Gheorghe Pintilie (born Pantelei Bodnarenko, also rendered as Pintilie Bodnarenco, and nicknamed Pantiuşa; 1902 – August 11, 1985) was a Soviet intelligence agent, Russian citizen and naturalised Romanian communist activist of Jewish origin, and the first Director of the Securitate. As such, he was one of the main organizers of the repression in Communist Romania, responsible for the arrest, deportation, and internment of around 400,000 people.
He was born in Tiraspol, Russian Empire (now in Transnistria, Moldova). As an adolescent, he fought with the Red Army in the Russian Civil War. Subsequently, he was recruited by Soviet intelligence to carry out espionage and sabotage actions in Romania. He was caught, and incarcerated at the Doftana and Caransebeş prisons, where he befriended Gheorghe Gheorghiu-Dej, who was to become the General Secretary of the Romanian Communist Party (PCR) in 1945.
After World War II, Pintilie married Ana Toma, a top aide to Ana Pauker. The couple adopted two children (Radu and Ioana). Between 1945 and 1948, he was the chief of Gospodăria de partid, in control of all property of the PCR.
In June, 1945, he led a squad that kidnapped Ştefan Foriş, the previous General Secretary of the PCR. A year later, after a confidential vote at the top of the party, Pintilie beat Foriş to death with a crowbar.
At the founding of the Securitate on August 30, 1948, Gheorghe Pintilie became the first Director of this organization (the positions of Deputy Directors went to Alexandru Nicolschi and Vladimir Mazuru). In this capacity, he was directly implicated in the Piteşti prison "experiment". The majority of deportations to the forced labor camps at the Danube-Black Sea Canal (referred to as the "graveyard of the Romanian bourgeoisie" by the Communist authorities) were approved by Pintilie and his deputies.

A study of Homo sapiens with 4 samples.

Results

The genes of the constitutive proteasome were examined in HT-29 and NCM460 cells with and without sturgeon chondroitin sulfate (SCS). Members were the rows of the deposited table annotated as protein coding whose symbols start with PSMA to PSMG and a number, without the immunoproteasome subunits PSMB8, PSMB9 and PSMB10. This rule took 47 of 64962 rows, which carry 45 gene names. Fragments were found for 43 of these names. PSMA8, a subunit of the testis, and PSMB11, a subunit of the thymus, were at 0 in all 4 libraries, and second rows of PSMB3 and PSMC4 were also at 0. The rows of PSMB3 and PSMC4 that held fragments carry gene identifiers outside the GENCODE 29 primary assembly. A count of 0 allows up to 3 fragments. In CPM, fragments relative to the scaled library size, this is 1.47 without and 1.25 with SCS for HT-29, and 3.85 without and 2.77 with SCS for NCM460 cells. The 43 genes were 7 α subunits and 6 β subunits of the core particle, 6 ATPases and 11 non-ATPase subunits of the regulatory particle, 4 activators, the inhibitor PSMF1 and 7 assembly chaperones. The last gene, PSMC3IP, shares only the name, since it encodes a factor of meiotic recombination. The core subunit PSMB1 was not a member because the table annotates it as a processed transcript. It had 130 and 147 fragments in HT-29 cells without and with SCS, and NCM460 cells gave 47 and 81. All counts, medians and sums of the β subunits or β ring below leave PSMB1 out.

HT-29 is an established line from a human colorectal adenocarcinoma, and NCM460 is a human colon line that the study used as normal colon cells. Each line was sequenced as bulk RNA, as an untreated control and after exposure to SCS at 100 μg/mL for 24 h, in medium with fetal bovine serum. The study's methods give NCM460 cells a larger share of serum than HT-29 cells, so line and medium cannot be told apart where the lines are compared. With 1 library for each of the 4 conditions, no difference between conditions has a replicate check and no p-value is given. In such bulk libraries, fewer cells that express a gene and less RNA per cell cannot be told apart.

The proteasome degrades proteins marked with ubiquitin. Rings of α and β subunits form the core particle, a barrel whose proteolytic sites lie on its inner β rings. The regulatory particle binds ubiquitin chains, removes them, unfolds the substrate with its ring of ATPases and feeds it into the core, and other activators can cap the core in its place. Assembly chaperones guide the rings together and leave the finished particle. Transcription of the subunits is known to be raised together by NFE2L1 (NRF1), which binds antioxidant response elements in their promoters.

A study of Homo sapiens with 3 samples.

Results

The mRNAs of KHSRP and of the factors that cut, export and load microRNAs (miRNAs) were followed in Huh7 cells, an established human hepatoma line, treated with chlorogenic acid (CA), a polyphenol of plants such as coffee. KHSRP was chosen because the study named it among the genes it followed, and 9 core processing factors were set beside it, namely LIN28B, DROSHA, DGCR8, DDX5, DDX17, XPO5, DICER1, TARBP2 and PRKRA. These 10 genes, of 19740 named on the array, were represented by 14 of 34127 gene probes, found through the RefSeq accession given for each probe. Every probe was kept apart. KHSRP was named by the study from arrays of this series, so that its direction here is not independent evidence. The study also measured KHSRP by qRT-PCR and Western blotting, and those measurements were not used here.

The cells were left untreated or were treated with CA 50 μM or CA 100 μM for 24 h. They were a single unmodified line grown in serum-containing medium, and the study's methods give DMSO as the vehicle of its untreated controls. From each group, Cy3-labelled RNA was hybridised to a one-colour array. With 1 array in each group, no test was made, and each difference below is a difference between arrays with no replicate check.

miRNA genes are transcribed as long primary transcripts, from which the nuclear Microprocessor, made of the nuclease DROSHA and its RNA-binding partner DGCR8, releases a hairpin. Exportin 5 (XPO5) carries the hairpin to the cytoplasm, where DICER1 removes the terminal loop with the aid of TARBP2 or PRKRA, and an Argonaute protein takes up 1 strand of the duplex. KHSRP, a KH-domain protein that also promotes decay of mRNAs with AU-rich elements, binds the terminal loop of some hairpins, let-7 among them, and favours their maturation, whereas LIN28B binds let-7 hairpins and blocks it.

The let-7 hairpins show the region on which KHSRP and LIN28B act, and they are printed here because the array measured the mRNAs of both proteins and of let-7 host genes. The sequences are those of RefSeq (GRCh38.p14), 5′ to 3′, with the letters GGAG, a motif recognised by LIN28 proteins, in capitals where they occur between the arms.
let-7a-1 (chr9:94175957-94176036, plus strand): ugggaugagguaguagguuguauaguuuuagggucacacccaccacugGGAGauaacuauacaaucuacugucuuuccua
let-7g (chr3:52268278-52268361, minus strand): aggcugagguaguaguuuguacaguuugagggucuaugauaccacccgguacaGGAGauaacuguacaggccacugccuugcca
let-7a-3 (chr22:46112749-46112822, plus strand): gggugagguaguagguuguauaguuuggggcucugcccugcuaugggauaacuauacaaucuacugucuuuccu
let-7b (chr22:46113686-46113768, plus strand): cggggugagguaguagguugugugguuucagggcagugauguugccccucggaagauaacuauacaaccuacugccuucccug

Pintilie played a considerable role in the establishment of a communist terror apparatus in Romania. As Vladimir Tismăneanu argues, "if one does not grasp the role of political thugs such as the Soviet spies Pintilie Bondarenko (Pantiuşa) and Alexandru Nikolski in the exercise of terror in Romania during the most horrible Stalinist period, and their personal connections with Gheorghe Gheorghiu-Dej and members of his entourage, it is difficult to understand the origins and the role of the Securitate".
He stayed as general director of the Securitate and as an adjunct minister in the Ministry of the Interior until his retirement in 1963. In 1968, he was excluded from the Communist Party; nevertheless, he was decorated in 1971 by Nicolae Ceauşescu with the "Tudor Vladimirescu" medal.
- Ion Turcanu, "Istoria romanilor: Cu o privire mai larga asupra culturii". Istros. 2007. ISBN 9789731871028.
- Stejărel Olaru, "The communist regime and its legacy in Romania" Archived March 4, 2009, at the Wayback Machine., Stiftung zur Aufarbeitung der SED-Diktatur, Berlin-Bucharest, July 2004
- Stalinism for All Seasons: A Political History of Romanian Communism (University of California Press, Berkeley, 2003). ISBN 0-520-23747-1 p. 20
- The Security Police (Securitate) between 1948 and 1989 at The Memorial of the Victims of Communism and of the Resistance
- (Romanian) "Politica si servicii secrete", interview of Viorel Patrichi with General (retired) Nicolae Pleșiță, Lumea
- (Romanian) Gabriel Catalan, Mircea Stănescu, Scurtă istorie a Securităţii ("Short history of the Securitate"), Sfera Politicii, Nr. 109 (2004), pp. 38–53.